We all love the golden early-morning and late-day light in our photographs, and actively seek it out. Backlit, sun-drenched images are gorgeous. The fleeting window of opportunity for capturing it makes this dreamy and hence all the more precious. “Ideal”? What a lovely concept! What if you embraced the harsh, bright full-day sunlight and could exploit it to its, and your full creative potential?
Observe the shadows.
When we’re starting out in photography, we’re told to train our mind to find the light. As your skill and confidence grow, you discover the power of the flip side of the light, the shadows. It’s the shadows that give your photographs depth, a three-dimensional look that draws in and intrigues the viewer. And shadows can ramp up the drama and mood of your captures.
My tips on reaching the dark side: Expose for the highlights. Harsh light streaming indoors is a favorite for me to experiment in, but full daylight without shade hasn’t always been desirable to me. In my personal work, though, weekend daytime is when I’m out adventuring with the family, so I’ve got to make the most of the bright given light.
I note the shadows, yet I expose for the highlights. In fully open spaces, I start with a shutter speed of 1/640 or 1/800, my ISO at 100, and my f-stop at f/3.5 or f/4.0. I’ll typically adjust my f/stop as needed when I’m getting in close for detail, and again when I’m capturing the environment.
When shooting with no shade, try to position yourself with the light behind you so that your subject is evenly lit. If your subject has to face the sun, have her close her eyes so as not to squint.
Get creative with compositions.
Environmental daytime shots can be quite affecting. You want the viewer to be present in the environment and see what’s going on there around your human subject. I typically use my wide-angle lens for such images.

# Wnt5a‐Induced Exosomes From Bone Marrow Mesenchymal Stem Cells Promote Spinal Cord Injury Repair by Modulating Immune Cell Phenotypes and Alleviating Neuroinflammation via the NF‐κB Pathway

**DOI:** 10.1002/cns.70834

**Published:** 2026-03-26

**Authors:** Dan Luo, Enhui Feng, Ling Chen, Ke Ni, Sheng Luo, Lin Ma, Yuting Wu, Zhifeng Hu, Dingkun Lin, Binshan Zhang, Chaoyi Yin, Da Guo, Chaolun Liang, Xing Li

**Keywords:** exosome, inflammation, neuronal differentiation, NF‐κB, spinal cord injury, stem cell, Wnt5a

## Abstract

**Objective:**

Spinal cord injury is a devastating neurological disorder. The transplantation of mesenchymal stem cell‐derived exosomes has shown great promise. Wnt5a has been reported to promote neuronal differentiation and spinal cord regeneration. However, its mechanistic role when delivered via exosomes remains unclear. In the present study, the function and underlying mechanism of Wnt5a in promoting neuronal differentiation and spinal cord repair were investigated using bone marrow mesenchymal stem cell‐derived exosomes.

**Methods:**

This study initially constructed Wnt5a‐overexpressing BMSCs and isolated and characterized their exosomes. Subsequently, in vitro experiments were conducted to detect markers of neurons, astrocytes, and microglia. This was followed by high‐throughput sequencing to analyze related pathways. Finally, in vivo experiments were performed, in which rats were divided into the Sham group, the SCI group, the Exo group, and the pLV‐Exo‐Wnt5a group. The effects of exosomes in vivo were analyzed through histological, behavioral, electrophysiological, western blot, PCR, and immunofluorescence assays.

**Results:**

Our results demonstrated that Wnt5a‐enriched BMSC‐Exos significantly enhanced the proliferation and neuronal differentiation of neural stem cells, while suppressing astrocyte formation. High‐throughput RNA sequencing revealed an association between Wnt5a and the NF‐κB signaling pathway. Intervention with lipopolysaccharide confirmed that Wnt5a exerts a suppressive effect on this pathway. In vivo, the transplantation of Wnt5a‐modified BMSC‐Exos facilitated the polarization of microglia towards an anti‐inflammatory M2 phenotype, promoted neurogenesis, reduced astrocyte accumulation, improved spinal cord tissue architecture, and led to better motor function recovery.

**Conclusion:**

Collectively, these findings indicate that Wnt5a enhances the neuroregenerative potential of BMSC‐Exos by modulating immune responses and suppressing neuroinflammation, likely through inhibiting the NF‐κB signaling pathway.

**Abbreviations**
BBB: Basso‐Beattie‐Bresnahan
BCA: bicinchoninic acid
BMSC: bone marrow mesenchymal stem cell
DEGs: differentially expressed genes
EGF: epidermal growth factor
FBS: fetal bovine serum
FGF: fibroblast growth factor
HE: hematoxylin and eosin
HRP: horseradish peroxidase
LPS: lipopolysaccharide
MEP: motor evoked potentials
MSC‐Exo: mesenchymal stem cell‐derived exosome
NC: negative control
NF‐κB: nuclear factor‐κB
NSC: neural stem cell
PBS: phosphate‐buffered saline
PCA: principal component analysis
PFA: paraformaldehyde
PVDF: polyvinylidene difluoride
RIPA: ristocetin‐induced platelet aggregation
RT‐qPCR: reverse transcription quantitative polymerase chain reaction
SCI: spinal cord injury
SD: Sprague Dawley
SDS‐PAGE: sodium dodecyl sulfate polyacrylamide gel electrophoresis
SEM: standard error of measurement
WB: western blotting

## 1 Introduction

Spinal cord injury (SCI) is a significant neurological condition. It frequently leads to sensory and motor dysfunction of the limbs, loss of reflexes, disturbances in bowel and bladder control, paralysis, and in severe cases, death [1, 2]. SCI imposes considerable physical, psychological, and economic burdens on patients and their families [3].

Shooting in dappled light.
Shooting in this light can be a cool way to accentuate certain elements in your photograph. The key, again, is to expose for the highlights in the frame, letting the shadows of any surrounding objects (trees, leaves, structures) fall where they will in the frame.
Find patches of light amid the shadows and place your subject in various ways to take advantage of them. The pocket of light could fall on your subject’s eyes, hands, feet or anything you’re looking to emphasize in your photo.
Shadows as the main subject.
Look for moments where your human subject is casting a shadow on something, and compose for the shadows. Focus on the shadow in such instances, while leaving your subject slightly out of focus.
Shoot through various objects.
This is one technique I absolutely love using. I’m a big fan of simplicity and minimalism; I love how simple objects that reflect light can provide that extra layer of interest for the viewer. I often shoot through glass, windows, bubble wrap, plastic bags, even prisms. The effects of that reflected light hitting the camera’s sensor are fascinating.
Convert to black and white.
One of the main reasons I’ll plan a shoot in harsh light is because I’m going to convert the image into black and white in post, so the contrast between the light and dark areas will be enhanced. Black-and-white images help you focus only on that contrast and the texture, shapes, lines and patterns that draw the viewer’s eye to the subject. A good black-and-white image has a strong contrast between the subject and the background, and it’s usually abundant in the midday harsh light.